By Guest Blogger David Wiggins
CliftonLarsonAllen

Well, here we are at the end of another year. Republicans have waited for years to have the upper hand to make some long-awaited tax law changes. These tax law changes will be effective in 2018 and will hopefully keep the economy rolling and car sales growing.

House Republicans recently released their initial bill, and last week the Senate has released its version of tax reform. Now that both chambers have voted and approved their bills, the two will have to be
combined for a final bill that can be sent to President Trump for approval.
 

The key elements for dealers will be:
 
  1. The limitations with regard to business interest expense.
  2. Ability to use the cash method for businesses with gross receipts under certain amounts.
  3. The reduction in taxable income rates for active and passive investors in business S corporations.
  4. The 20 percent tax rate and its implications for C corporations.
  5. Loss of state income tax deductions for personal income tax, and
  6. The increases being made for taxable estates.
Below are summary comparisons between the House and Senate bills being discussed:
 
  Current Law House Proposal, As Amended Senate Proposal
Personal tax rates Seven tax brackets: 10%, 15%, 25%, 28%, 33%, 35%, 39.6% Four tax brackets: 12%, 25%, 35%, and 39.6% with 6% bubble
 
Seven tax brackets: 10%, 12%, 22.5%, 25%, 32.5%, 35%, 38.5%
Personal LT capital gains and qualified dividend tax rates Up to 23.8% Up to 23.8% Up to 23.8%
Maximum pass-through tax rate 39.6% Passive business: 25% + NIIT; Active business: generally 30% of income subject to 25% and 70% of income subject to 39.6%; personal service business: maximum 39.6% Ordinary rates with deduction of 17.4% of qualifying domestic income; ltd. deduction for income from lower-income service businesses
Maximum corporate tax rate 35% 20%; 25% for personal service corporations 20%, eff. years beg. after 2018
Dividends received deduction 70% deduction for dividends received by corporations; 80% in the case of ≥20% owned corporation 50% dividends received deduction; 65% in the case of ≥20% owned corporation Same as House plan
Personal standard deduction Married filing jointly: $12,700

Head of household: $9,350

Single: $6,350
Married filing jointly: $24,400

Head of household: $18,300

Single: $12,200
 
Married filing jointly: $24,000

Head of household: $18,000

Single: $12,000
Child tax credit $1,000 per child $1,600 per child; $300 credit for taxpayer, spouse, and non-child dependents $1,650 per child; $500 for non-child dependents
Personal exemption $4,050 Repealed Repealed
Depreciation Fixed assets are generally capitalized and depreciated with section 179 immediate expensing up to $500k available in some cases Immediate expensing of most new and used property (excluding structures) through 2022; section 179 limit increased to $5 million Immediate expensing of most new property (excluding structures); section 179 limit increased to $1 million
Depreciable life of buildings 39 years for most non-residential buildings; 27-1/2 years for residential rentals 39 years for most non-residential buildings; 27-1/2 years for residential rentals 25 years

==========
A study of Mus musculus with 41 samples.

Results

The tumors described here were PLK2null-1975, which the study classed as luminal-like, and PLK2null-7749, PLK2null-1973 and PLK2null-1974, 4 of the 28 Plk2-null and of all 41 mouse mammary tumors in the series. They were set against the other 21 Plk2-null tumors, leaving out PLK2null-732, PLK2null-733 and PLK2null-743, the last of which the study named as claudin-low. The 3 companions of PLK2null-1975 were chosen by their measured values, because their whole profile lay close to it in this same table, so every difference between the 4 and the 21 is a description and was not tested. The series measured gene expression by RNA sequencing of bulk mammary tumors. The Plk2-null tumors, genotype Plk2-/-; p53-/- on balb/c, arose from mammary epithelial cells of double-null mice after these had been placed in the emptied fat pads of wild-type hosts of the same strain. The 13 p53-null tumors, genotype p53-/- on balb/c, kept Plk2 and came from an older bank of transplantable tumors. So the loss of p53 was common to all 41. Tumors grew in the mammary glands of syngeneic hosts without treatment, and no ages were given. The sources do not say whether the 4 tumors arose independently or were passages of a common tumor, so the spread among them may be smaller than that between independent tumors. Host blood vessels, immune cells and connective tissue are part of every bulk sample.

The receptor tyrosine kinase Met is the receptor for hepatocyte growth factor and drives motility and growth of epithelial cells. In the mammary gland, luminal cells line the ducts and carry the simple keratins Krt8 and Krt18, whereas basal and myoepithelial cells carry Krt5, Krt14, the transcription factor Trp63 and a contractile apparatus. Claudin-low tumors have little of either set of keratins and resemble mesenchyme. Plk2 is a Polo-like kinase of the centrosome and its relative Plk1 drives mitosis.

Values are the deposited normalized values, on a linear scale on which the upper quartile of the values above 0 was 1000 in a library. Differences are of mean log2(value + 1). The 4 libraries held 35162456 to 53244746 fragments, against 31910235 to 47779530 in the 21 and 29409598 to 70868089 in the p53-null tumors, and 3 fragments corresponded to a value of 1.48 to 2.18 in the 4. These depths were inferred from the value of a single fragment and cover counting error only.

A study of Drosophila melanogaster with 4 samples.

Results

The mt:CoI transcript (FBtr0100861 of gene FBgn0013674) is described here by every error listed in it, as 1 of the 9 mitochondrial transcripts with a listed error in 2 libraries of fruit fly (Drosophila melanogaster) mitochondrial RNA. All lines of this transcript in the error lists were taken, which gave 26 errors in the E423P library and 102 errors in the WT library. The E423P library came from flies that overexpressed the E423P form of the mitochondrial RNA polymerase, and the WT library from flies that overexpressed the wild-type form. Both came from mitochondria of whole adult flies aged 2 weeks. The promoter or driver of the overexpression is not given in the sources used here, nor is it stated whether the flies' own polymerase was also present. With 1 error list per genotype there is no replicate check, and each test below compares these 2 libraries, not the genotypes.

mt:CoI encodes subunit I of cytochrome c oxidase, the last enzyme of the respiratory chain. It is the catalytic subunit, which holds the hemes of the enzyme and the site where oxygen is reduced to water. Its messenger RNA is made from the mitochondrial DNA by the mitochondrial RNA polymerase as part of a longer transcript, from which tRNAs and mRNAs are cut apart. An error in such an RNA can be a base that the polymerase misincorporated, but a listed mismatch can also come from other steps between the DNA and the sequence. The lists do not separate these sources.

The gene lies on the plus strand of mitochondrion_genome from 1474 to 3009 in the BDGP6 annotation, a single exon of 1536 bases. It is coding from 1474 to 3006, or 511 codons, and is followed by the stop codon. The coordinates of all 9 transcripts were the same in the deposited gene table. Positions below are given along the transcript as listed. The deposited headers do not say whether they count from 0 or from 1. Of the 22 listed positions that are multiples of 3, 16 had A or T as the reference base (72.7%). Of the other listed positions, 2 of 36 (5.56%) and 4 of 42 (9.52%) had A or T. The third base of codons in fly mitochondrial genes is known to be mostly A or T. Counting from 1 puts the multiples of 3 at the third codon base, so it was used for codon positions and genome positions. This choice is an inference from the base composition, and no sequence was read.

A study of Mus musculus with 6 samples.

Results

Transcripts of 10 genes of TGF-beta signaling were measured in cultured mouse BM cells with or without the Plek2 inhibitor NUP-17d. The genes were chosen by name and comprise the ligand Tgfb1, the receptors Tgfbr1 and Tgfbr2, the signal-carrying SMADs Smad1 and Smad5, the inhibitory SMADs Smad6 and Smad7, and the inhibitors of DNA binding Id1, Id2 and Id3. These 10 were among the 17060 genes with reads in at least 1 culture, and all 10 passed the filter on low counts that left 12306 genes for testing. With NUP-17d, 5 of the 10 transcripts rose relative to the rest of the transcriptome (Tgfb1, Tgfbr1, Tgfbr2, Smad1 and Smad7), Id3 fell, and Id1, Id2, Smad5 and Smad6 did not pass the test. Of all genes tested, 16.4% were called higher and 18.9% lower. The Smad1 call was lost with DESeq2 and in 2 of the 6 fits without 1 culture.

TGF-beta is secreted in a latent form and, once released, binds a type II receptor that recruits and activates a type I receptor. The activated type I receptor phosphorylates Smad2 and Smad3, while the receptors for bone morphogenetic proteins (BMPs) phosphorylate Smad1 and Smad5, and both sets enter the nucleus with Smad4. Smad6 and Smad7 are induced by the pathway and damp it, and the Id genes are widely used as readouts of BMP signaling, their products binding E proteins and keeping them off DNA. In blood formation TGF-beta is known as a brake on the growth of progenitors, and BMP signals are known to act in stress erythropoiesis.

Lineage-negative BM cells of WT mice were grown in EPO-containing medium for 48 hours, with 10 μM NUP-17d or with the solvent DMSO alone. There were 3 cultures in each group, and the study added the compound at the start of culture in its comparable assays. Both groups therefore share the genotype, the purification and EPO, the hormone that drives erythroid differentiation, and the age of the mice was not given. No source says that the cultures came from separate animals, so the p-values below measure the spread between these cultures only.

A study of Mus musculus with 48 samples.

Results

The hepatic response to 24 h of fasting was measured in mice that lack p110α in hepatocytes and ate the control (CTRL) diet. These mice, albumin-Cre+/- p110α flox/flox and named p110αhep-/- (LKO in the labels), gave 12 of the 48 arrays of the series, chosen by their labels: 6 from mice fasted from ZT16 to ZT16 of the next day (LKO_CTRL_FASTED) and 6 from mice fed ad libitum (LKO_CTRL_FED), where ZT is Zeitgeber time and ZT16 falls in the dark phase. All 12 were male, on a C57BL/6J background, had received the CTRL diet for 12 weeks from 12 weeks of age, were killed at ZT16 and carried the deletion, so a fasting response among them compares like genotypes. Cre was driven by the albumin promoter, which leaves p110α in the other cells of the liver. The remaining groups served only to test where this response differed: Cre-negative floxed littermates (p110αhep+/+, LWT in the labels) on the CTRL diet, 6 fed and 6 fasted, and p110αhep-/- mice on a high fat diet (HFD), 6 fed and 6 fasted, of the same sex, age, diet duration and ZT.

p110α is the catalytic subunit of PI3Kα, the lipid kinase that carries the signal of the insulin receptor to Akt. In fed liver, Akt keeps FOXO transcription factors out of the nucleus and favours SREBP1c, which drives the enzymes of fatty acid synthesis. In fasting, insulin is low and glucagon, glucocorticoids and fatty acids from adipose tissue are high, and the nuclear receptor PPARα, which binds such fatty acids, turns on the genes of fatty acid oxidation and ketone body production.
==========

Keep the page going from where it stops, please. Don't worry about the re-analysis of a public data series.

Mortgage interest Deductible on up to $1.1 million of debt; interest on second home deductible Deductible on up to $500k of debt except grandfather rule; no second home or home equity interest Deductible on up to $1.0 million of debt (incl. second home); no home equity interest
Personal state income and property tax Allowable as an itemized deduction Property tax capped at $10k; income tax deduction repealed; itemized for state income tax on business income(?) No state income or property tax deduction
Business interest Generally deductible Generally limited to extent interest > 30% of income; unlimited for small business Same as House plan except unlimited carryover
Cash method of accounting Generally limited to business with < $1, 5, or 10 million in revenue depending on facts Expanded to include businesses with <$25 million in revenue Expanded to include businesses with <$15 million in revenue
Self-employment tax Not imposed on limited partnership, rental, or S corporation income Not imposed on limited partnership, rental, or S corporation income Same as House plan
Alternative minimum tax (AMT) Potentially imposed on both corporations and individuals Repealed Repealed
Net operating losses (NOL) Generally carried back 2 years and forward 20 years Carryback repealed except farms (one year); carryover deduction limited to 90% of pre-NOL income Carryback repealed except farms (two years); carryover deduction limited to 90% of pre-NOL income
Gift and estate tax Tax of up to 40% imposed on gifts and estates, subject to a $5.45 million lifetime exemption per spouse Lifetime exemption doubled; estate tax repealed after 2023; gift tax remains in effect with 35% rate in 2023; step-up continues Lifetime exemption doubled; estate tax remains in effect

You should consult your tax advisor as soon as you have your October 2017 financial statements completed and discuss what tax planning you need to accomplish before December 31, 2017. Starting now should leave you enough time to make whatever changes you need before the end of the year and also be ready for the anticipated tax law changes.

Dave Wiggins, CPA is a principal with CliftonLarsonAllen's dealership team. He has extensive knowledge of the inner workings of retail dealership operations, including new developments regarding regulatory compliance issues. Dave specializes in federal and state taxation with the unique perspective of those specific strategies that apply to dealerships and their owners. He can be reached at david.wiggins@CLAconnect.com or 314-925-4300.